BLOOMINGTON — Eleventh Judicial Circuit Chief Judge Elizabeth Robb, known for her leadership and innovative approach to justice, announced Wednesday that she will retire Dec. 31.

"I am so very grateful to have had the opportunity to achieve a goal that I have had since I was a junior in high school," Robb said in a statement on her plans to leave her position after 22 years as a judge.

Appointed to the bench in 1993, Robb was the first woman to serve as associate judge, circuit judge and chief judge of the circuit that serves McLean, Logan, Woodford, Livingston and Ford counties. She worked in private practice, spending five years as an assistant public defender representing juvenile court clients.

Robb was elected circuit judge in 2000 and retained twice by voters. She has been chief judge for 10 years.

Illinois Supreme Court Chief Justice Rita Garman called Robb "an excellent chief judge and administrator, a leader among the chief judges in Illinois."

Robb "has been on the forefront with innovative programs that have moved the courts forward," said Garman.

The Illinois Supreme Court will appoint a judge to fill Robb's seat on the bench until the 2016 general election. A chief judge will be chosen this fall by the circuit judges.

The retiring chief judge said the McLean County Criminal Justice Coordinating Council formed in 2010 represents the spirit of cooperation she has worked to foster during her tenure.

"The concept of collaboration, bringing people around the table to share ideas, the needs of the court system, ways to make things better — that whole spirit of we can do it together," Robb said of her approach.

The council has been credited with saving over $1 million in tax dollars through changes that have made the criminal justice system more efficient.

Sheriff Mike Emery, one of the founding members of the council, said Robb "implemented many positive changes that have increased efficiency and effectiveness in our justice system. She has certainly guided us in a direction that has made us a model county."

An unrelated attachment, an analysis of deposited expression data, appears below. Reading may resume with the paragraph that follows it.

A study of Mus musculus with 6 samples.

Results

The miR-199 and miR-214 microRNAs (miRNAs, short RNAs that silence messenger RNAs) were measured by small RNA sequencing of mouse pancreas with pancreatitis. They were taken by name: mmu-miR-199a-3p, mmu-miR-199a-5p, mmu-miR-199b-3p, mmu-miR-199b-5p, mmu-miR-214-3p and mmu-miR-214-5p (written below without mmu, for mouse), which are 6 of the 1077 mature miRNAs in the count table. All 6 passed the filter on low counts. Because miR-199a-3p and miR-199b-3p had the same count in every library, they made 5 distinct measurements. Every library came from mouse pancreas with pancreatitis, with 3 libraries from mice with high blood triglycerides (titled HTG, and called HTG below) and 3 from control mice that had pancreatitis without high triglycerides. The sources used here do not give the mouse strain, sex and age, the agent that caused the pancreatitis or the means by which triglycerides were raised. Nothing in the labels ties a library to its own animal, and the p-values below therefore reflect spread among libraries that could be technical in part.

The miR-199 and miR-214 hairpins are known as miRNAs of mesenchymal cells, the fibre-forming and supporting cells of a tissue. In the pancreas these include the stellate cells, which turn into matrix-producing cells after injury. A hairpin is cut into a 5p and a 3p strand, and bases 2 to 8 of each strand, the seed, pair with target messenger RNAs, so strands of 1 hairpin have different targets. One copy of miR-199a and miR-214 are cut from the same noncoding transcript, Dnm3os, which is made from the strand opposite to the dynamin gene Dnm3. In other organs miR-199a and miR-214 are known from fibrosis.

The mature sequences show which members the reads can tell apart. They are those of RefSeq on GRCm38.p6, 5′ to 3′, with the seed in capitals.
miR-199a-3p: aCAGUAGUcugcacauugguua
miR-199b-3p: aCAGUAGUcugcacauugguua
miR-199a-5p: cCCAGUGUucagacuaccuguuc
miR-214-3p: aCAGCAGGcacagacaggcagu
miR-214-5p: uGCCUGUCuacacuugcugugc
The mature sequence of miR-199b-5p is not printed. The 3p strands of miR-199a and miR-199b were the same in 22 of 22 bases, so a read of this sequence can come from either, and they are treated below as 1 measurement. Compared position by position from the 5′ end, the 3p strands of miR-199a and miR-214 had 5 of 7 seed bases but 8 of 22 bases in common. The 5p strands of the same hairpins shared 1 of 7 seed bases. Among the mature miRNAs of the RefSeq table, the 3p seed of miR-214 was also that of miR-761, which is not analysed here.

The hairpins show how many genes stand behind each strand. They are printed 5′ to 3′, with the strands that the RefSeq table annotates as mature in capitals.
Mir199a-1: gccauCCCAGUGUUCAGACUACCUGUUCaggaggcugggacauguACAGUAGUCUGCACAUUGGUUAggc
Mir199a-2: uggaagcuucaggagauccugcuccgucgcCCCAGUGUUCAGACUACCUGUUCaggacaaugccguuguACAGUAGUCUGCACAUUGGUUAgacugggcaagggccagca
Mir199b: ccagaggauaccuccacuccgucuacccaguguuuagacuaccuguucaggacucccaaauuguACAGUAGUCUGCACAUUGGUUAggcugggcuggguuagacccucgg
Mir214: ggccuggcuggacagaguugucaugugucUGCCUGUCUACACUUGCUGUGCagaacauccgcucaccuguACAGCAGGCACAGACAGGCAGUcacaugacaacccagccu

Among those changes was the opening of the McLean County Drug Court in 2006 and the Recovery Court in 2010 for defendants with a mental illness. The small claims mediation program started in 2008 and a mediation option for mortgage foreclosures started in 2010.

Robb also helped implement the state Supreme Court pilot program for cameras in the courtroom. Media have extended their coverage of proceedings with cameras, video and sound equipment in McLean County courtrooms for more than a year.

Laurie Bergner with the McLean County League of Women Voters cited Robb's openness to league initiatives, including the court observer program that allowed the group to evaluate local judges.

"She has always been open-minded and flexible and willing to try progressive things," said Bergner.

A 1978 graduate of Illinois Wesleyan University, Robb said she plans to remain active in the community and may enjoy new opportunities not available during her judicial service.

Robb earned her law degree from Loyola University in Chicago in 1981. She taught business law at Illinois State University and IWU.

The retirement plans of two other judges and ongoing projects convinced Robb to postpone her retirement plans for about a year.

"However, I realize there will always be uncompleted projects. That is not a good reason to delay my retirement any longer," said Robb.

Outside McLean County, Robb has served on the Illinois Judicial Conference. She will leave her current post as chairwoman of the Illinois Conference of Chief Judges in December.

Robb is an active member of the of the Illinois Judges Association and the McLean County Bar Association.